GIBSON CO., IN (WFIE) - Brittany and Shane Ingle are a driving force behind the “Max Strong Bill.”
It’s named after their three children: Mason Ingle, Alivia Stahl, and Xzavier Ingle. All three died when a driver came speeding past a school bus back in October.
The bill already passed the Senate, but is seeing some push-back in the House. Included in the bill are safety changes at bus stops and stop arm cameras with enforcement.
This bill has a lot of people excited in our community that real change will happen. 14 News spoke with a bus driver, who says this new law gives her peace of mind.
Jonita Greene has been driving school buses in Gibson County for more than 16 years.
“They know I’m just trying to keep them safe, I call them my precious cargo, I’m just trying to keep them safe,” explains Greene.
A goal that can be hard at times, especially when cars fly right by her bus, with her stop arm out.
“Sometimes they blow by and they’re giving you the what for, like umm my arm was out and you just blew by,” Greene says.
Stop arm violations have become a constant issue. Just last week the Gibson County Sheriff’s Office had five incidents, two of which ended in arrests.
The new bill being voted on by Indiana legislators will call for tougher penalties and encourage all school buses to have stop arm cameras installed. Before that bill passes, Gibson County Schools are already adding stop-arm cameras to their buses.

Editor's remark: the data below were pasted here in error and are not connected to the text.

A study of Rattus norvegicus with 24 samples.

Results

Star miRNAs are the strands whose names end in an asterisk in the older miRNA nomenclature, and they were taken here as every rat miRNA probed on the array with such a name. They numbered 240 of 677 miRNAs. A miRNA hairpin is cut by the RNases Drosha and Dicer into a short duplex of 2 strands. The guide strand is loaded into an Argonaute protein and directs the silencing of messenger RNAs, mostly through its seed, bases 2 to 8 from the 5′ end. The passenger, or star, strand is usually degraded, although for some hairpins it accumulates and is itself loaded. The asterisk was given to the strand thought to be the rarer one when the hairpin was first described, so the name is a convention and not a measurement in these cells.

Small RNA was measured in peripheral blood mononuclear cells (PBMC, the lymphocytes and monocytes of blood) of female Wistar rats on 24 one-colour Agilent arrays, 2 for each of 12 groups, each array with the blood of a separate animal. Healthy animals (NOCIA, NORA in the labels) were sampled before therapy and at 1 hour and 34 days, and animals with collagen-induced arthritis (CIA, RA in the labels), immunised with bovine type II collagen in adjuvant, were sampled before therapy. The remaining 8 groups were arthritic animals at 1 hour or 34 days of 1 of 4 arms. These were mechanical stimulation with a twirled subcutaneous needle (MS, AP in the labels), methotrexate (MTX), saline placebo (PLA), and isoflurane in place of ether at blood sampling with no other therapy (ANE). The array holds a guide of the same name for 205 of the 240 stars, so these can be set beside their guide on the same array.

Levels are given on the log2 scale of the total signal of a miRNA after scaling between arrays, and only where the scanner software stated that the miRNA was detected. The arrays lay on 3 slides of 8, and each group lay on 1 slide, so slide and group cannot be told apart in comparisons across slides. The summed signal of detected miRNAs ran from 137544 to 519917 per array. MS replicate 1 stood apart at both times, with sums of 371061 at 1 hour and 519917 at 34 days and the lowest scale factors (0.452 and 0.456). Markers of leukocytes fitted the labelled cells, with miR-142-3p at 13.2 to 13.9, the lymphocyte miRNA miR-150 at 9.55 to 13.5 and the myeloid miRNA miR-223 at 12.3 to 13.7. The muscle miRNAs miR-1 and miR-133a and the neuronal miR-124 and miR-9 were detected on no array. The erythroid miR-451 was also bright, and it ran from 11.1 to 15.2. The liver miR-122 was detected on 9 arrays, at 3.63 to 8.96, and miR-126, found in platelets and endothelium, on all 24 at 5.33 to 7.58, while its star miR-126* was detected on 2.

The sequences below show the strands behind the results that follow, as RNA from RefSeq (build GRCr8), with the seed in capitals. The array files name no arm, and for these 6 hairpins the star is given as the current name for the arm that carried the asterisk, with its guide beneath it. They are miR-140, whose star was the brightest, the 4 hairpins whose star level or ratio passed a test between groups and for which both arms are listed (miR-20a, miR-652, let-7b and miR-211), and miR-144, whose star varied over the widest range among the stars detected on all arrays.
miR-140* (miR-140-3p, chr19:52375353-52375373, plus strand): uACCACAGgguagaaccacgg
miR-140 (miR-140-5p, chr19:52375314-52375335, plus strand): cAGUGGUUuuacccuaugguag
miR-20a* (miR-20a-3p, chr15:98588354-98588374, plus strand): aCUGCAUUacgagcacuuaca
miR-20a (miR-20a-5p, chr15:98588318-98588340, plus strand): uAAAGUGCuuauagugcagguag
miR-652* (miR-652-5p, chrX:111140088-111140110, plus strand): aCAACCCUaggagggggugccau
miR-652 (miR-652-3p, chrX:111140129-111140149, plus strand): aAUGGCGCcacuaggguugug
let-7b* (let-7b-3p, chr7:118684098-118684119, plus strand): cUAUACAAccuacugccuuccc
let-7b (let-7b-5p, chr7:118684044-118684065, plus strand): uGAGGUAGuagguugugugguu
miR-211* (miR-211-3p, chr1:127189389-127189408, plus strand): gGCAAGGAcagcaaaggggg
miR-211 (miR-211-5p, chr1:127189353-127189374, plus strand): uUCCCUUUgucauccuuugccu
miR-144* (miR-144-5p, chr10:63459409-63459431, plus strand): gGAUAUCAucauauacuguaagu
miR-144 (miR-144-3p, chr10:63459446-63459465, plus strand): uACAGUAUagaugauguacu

“I love it because it’s just another way we can protect the kids if you, ‘well I didn’t blow by you’ we got you coming and going buddy smile you’re on candid camera we got you,” says Greene.
Now, as Greene waits to see if the new law passes, she will keep doing her part to keep every child safe.
“They look to me to say it’s clear to come on, because you’re looking in your mirrors, looking behind you beside you everywhere so my little kids know to look at me to know whether or not its safe to come or not,” Greene explains.
Right now 30 buses in the North Gibson School Corporation have stop arm cameras. Those cameras give a clear picture of the license plates and driver.
District leaders hope to update all buses in the near future.